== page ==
Historians of mathematics and computing have tended to focus on published books of tables and the individuals and groups that produced them, rather than the kind of objects represented in the Smithsonian Mathematics Collections. Several of the works cited below are available online.

Archibald, R. C. Mathematical Table Makers Portraits, Paintings, Busts, Monuments, Bio-Bibliographical Notes, New York: Scripta Mathematica, 1948. This is an account of the lives and work of mathematical table makers.

Campbell-Kelly, M. et al. The History of Mathematical Tables: From Sumer to Spreadsheets, Oxford: Oxford University Press, 2003. This edited volume presents a broad view of table making.

Grier, D. A. When Computers Were Human, Princeton: Princeton University Press, 2005. The volume focuses on tables from 1682 to 1930, in Europe and the United States.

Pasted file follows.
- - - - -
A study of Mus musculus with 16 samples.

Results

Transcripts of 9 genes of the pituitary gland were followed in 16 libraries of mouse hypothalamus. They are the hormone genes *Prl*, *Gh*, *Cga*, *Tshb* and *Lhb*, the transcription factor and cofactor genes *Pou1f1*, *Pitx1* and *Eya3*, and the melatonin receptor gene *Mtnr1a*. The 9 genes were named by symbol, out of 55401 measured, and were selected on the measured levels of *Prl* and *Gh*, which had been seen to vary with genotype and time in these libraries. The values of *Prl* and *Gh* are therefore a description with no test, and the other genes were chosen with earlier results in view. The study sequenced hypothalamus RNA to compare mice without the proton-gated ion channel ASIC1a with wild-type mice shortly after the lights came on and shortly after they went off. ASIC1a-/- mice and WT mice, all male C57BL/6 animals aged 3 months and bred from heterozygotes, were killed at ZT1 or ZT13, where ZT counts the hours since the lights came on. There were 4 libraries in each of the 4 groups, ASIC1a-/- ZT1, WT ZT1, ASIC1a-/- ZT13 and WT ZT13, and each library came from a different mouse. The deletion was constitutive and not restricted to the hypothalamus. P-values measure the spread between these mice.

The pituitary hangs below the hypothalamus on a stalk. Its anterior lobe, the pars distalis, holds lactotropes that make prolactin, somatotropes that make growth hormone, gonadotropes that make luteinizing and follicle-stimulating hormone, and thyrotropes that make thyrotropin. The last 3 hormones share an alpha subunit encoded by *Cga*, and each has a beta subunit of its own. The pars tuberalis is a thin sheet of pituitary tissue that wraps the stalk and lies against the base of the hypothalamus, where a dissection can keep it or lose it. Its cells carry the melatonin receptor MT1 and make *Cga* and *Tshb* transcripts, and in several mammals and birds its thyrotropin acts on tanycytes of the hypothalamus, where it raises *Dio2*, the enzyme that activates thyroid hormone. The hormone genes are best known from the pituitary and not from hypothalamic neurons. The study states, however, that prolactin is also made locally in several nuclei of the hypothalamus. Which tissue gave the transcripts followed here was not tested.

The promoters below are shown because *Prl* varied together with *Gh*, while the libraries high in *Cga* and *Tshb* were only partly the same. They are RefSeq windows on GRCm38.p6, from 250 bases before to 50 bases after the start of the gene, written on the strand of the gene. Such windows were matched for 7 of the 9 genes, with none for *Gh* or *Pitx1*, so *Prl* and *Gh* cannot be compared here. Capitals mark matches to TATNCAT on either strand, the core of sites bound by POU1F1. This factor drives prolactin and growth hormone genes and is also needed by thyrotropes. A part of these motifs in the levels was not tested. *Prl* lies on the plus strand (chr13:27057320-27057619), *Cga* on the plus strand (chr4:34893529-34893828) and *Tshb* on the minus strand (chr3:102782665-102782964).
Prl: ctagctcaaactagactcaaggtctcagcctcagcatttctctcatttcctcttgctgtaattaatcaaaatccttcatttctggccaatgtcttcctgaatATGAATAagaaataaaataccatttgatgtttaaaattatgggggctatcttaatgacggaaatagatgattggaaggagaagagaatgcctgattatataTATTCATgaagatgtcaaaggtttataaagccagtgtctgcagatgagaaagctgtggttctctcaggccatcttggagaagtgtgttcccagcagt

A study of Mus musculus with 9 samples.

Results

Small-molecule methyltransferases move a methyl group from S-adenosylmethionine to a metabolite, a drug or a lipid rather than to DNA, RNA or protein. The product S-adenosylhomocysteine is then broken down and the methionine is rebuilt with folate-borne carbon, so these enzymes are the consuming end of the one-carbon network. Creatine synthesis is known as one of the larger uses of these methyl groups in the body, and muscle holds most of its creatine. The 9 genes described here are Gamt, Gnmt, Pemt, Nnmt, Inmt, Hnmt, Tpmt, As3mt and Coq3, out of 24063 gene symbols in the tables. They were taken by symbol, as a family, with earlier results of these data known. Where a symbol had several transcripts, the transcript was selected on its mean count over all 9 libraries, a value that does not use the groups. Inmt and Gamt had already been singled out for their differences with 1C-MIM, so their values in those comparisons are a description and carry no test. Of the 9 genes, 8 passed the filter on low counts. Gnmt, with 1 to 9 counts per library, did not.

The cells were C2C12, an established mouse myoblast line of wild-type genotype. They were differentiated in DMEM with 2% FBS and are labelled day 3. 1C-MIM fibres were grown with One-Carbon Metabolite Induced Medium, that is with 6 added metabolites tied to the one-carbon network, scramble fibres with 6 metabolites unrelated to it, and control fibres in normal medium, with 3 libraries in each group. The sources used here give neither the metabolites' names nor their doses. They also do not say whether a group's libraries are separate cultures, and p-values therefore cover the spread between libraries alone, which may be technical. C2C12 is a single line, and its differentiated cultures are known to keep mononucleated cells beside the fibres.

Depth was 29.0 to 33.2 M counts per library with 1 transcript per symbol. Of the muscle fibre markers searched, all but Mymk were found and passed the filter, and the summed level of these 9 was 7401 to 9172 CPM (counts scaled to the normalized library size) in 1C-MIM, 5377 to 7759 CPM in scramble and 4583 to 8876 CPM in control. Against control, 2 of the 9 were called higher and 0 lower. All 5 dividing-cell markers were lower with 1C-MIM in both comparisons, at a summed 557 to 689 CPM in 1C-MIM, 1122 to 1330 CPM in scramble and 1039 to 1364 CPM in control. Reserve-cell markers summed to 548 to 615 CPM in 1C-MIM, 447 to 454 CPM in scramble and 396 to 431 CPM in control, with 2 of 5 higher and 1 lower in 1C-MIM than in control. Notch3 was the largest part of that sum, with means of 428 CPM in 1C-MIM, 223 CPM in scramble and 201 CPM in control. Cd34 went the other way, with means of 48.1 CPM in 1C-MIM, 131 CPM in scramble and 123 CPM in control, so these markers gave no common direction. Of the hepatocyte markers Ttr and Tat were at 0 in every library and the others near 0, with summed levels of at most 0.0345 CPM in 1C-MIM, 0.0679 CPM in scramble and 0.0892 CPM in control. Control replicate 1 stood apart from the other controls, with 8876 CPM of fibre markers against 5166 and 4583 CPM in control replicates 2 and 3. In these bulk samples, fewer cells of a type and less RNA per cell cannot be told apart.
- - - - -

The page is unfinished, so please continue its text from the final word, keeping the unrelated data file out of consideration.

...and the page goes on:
Helfand, J. Reinventing the Wheel, New York: Princeton Architectural Press, 2002. This account of a wide array of slide charts and volvelles includes several produced by American manufacturers in 20th century.

Roegel, D., “The LOCOMAT Project: Recomputing Mathematical and Astronomical Tables,” IEEE Annals of the History of Computing, 34 #2 (Apr-Jun 2012): 74-79. A description of recent attempts to recompute mathematical tables, as carried out by the LOCOMAT Project (http://locomat.loria.fr/).

Williams, B. O. B. and R. G. Johnson. “Ready Reckoners,” IEEE Annals of of the History of Computing, 27 #4 (Oct-Dec 2005): 64-80. An account of inexpensive books of tables produced for practical use.